Alice joined the Columbia Entrepreneurship team in February 2016 as our
Design Lead for the Design Studio@Columbia Entrepreneurship.

The Design Studio@Columbia Entrepreneurship encourages innovators to delve into the needs of a market segment,
frame customer problems, rapidly generate prototypes, and build viable solutions.
Through workshops, courses, and projects, the Columbia Design Studio brings diverse members of Columbia’s entrepreneurial community together to build innovative solutions to challenging problems, both local and global.

Get involved with DC@CE trainings and programs, and contact us at DesignStudio@Columbia.edu


March 7th, 2016

Have you ever held a toothbrush, driven a car, or used a smart phone? If so, you have already come into contact with the power of good design. From high-tech websites to low-tech infant warmers, human-centered design leads to the creation of great products or services through a deeper understanding of people and their needs.

As most entrepreneurs know, the key to any startup’s viability is the quick and accurate identification of its customer base and a firm grasp on the values of its target market. By reaching out and engaging clients or customers on a personal level at the onset, a young company can develop a more customer-minded business platform, making it more sustainable in the long run.

The process of design is useful not only for building great products, services, or solutions, but also for pursuing a more creative and open-minded approach to life. Design behaviors – collaboration, empathy towards others, prototyping new ideas, and continuous improvement – are important when delving into any new experience. Our work in the Design Studio aims not only to create better and more innovative businesses, but also to bolster the creative confidence of the Columbia community and the excitement of jumping into the unknown.

How does it work?

Human-centered design is a creative process to glean insights and develop appropriate solutions for tough challenges. A few tips to start are below, but the best way to learn about design is to engage!

Explore:
The goal of the first phase of the design process is to develop empathy for your users, the community for which you are creating a solution. Through intensive interviewing, studying ‘extreme’ users, and even following them through their normal routine for a day or two, this phase is focused on better understanding the problem by learning from people who experience it. By the end of your exploration, you will have seen the world through your users’ eyes and developed great insights that will help you build a solution that fits their context.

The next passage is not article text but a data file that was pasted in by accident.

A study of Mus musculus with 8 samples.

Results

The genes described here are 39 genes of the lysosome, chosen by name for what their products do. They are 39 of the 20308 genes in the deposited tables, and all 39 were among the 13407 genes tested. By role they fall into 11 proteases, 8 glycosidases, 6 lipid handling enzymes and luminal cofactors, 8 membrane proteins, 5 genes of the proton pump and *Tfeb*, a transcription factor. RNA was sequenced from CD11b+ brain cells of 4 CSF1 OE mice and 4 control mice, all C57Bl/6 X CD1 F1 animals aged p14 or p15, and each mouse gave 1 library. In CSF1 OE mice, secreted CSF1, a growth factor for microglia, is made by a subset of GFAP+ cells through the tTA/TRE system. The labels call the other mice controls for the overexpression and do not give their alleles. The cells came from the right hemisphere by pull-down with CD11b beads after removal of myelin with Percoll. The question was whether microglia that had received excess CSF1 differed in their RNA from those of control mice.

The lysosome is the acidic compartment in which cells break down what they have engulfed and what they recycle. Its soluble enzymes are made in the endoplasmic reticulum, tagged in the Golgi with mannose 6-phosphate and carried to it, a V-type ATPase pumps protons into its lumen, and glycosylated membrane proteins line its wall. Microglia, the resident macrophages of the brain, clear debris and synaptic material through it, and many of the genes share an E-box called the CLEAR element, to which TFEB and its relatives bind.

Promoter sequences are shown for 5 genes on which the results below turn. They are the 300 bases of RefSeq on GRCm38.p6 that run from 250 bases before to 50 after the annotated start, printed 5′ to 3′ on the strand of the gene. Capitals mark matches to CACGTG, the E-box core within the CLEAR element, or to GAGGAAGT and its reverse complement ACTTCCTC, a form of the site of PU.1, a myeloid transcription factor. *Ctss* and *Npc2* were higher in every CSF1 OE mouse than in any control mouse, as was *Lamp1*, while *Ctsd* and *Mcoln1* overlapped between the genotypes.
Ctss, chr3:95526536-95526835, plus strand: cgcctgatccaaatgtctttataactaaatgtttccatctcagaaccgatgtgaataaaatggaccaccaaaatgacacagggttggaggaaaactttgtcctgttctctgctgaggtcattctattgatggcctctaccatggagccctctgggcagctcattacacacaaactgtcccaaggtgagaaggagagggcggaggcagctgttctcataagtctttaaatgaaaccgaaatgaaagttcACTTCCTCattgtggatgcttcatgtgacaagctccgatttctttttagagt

Reframe:
In human-centered design, your initial assumptions are generally never completely correct. After gaining deep user insights, it’s time to come back and reframe the information you’ve learned. What are your users’ needs? What deeper feelings are those needs stemming from? By better understanding the information you’ve gleaned, you can start to see where your ideas and solutions can fit into the bigger picture.

Generate:
Developing a creative idea can be half the battle in entrepreneurship. Once you have more information on user’s needs, the idea generation phase of design brings you through brainstorming and ideation exercises to develop a lot (believe me, a lot!) of new ideas. This process uses creation confidence and great teamwork, and is as fun as it is useful. By the end of the generation phase, you will have a number of viable ideas as well as some that are just plain crazy.

Prototyping:
A good idea deserves to be tested, and that’s where prototyping comes in. Prototyping is a way of learning more about the user by actually having them interact with an early version of a solution. Prototyping can take a number of different forms: from low-res drawings or products that a user can play with, to role playing specific scenarios to better understand how a user would react, prototyping provides insights that are far more valuable than just talking about an idea ever would be.
The process of innovation is never complete. As design thinkers often say, fail fast, fail often, and always improve. Your prototype will allow you to learn more about the user, and will most likely not be perfect the first time. Keep using your insights to develop better and better products, until you find one that perfectly suits the users’ needs.